Brown redefines ‘Atrocity’ in latest album

logo-colorBy JON AGUIRRE
Staff Writer
@TheEtCetera

When you listen to the very first track of “Atrocity Exhibition,” you become aware that this isn’t your average hip-hop album. You realize you’re about to embark on a journey, a ride full of terror, pain and hilarity through the mind of Danny Brown.
Brown is not your everyday artist. The Detroit-born rapper challenges his audience with every album, constantly pushing the boundaries of hip-hop.

His newest release is no exception. In fact, it’s his most challenging release yet.

Brown uses interesting production techniques alongside unique song concepts to make a boundary-pushing album.

Brown has already proven he is not one for the conventional, specifically with his 2011 album “XXX,” though he did make a return to something more accessible with the following release of “Old.”

Last year, he promised his latest album would be even more experimental than anything he has ever done. And boy, did he deliver.


Heavy bass and hard-hitting horns envelope the listener. Brown’s frantic flow further adds to the wild sound. I don’t know if I’ve ever heard something so crazy. “Atrocity Exhibition” is schizophrenia in audio form.

Like “XXX,” the track list emulates a drug-induced high. It builds up to the climax and then has a chill comedown.

This is displayed by the three acts that make up the album, each consisting of five songs: a build-up, climax and comedown, respectively.

There is a reoccurring motif of horror on the album. Nearly every song is dark in tone, but songs like “Tell Me What I Don’t Know,” “Really Doe” and “White Lines” show Brown’s mind as a place full of fear.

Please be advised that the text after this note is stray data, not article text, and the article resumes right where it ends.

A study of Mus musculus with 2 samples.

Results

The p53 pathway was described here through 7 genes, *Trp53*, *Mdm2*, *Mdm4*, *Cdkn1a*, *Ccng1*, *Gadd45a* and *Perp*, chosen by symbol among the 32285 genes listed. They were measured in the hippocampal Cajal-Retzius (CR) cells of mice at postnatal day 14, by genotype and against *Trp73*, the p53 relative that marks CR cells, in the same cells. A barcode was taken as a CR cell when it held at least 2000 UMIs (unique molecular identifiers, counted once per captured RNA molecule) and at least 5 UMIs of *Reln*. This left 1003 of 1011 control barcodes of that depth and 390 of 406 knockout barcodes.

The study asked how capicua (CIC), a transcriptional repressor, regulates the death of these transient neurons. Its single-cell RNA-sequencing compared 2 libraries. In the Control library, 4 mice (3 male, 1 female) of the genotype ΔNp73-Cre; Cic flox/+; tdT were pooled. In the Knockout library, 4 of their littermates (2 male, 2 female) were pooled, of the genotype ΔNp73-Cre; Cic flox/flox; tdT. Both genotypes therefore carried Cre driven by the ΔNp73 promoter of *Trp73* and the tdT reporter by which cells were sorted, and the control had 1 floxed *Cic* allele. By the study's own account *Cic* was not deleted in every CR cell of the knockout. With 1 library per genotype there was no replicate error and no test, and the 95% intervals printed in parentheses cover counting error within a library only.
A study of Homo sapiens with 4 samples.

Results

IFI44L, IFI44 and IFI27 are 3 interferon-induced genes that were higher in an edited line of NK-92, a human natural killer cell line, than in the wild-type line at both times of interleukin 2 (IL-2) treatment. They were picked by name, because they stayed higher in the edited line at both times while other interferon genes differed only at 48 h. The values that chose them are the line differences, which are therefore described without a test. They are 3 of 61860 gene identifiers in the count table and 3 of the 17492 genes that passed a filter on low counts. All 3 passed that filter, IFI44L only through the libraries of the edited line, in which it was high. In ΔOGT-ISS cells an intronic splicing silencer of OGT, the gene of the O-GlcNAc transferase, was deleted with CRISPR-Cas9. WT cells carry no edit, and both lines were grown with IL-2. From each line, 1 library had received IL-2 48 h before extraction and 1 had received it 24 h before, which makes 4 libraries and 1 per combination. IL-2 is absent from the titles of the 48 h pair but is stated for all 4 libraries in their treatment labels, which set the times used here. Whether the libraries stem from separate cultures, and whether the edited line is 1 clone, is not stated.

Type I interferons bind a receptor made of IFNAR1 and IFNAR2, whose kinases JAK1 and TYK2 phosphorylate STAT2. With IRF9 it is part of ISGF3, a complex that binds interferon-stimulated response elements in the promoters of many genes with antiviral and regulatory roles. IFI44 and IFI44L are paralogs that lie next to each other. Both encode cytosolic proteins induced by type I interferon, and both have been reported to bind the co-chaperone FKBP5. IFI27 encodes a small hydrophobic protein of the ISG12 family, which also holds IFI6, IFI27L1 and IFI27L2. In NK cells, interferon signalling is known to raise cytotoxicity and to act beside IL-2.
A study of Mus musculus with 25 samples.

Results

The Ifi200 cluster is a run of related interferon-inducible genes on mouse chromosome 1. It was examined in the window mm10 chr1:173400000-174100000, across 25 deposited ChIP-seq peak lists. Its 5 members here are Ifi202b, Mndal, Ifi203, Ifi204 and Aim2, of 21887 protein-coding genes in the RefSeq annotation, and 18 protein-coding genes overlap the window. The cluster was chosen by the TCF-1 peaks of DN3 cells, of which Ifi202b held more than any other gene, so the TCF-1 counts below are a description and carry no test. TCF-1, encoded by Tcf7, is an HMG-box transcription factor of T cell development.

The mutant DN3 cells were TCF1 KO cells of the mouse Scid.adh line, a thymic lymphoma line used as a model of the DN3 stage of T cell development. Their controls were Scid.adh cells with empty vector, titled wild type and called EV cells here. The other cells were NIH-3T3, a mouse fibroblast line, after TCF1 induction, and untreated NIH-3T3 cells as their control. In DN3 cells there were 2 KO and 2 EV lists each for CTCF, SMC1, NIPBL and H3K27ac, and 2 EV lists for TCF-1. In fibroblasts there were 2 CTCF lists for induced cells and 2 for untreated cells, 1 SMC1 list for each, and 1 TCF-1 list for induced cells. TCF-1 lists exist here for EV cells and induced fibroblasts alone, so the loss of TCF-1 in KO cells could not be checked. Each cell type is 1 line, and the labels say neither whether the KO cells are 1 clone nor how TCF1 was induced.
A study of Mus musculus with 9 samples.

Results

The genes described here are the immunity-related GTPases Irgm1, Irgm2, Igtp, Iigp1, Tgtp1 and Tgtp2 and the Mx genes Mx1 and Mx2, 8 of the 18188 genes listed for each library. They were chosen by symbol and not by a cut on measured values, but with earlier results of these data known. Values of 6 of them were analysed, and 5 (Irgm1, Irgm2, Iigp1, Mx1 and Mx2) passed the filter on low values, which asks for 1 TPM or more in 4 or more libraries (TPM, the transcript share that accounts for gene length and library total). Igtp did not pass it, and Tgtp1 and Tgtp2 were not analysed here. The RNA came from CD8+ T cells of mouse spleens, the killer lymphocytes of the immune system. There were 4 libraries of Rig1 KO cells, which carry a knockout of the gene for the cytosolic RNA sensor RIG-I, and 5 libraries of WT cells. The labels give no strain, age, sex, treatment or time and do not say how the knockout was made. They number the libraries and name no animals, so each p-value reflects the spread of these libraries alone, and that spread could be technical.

He uses funny lines and a goofy voice to distance himself from the personal messages in his songs. Not many artists have such deeply personal songs like Brown.

However, Brown incorporates concepts that may be relatable to some people.

Instead of just telling his personal struggle, he tells the problems of living in an impoverished community.

This concept is definitely nothing new to the genre, and he admits this in “When It Rain,” repeating, “You ain’t heard it like this before. They don’t do it like this no more.” This seems like a contradiction, but it is fully intentional. Brown uses old-school song concepts with a completely new sound.


However, if you are familiar with his work, then I definitely suggest giving this a listen.

I think we’re on the verge of an emerging subgenre. There are more and more artists coming out into the mainstream light with less conventional methods.

Rap artists are pulling influences from other genres to make something wholly original. Like post-punk, this subgenre might come out to be called post-rap.

There aren’t many artists quite like Brown. No one writes such funny, dark and intensely personal music.

He is an artist that excels at his craft and pushes the boundaries of his genre.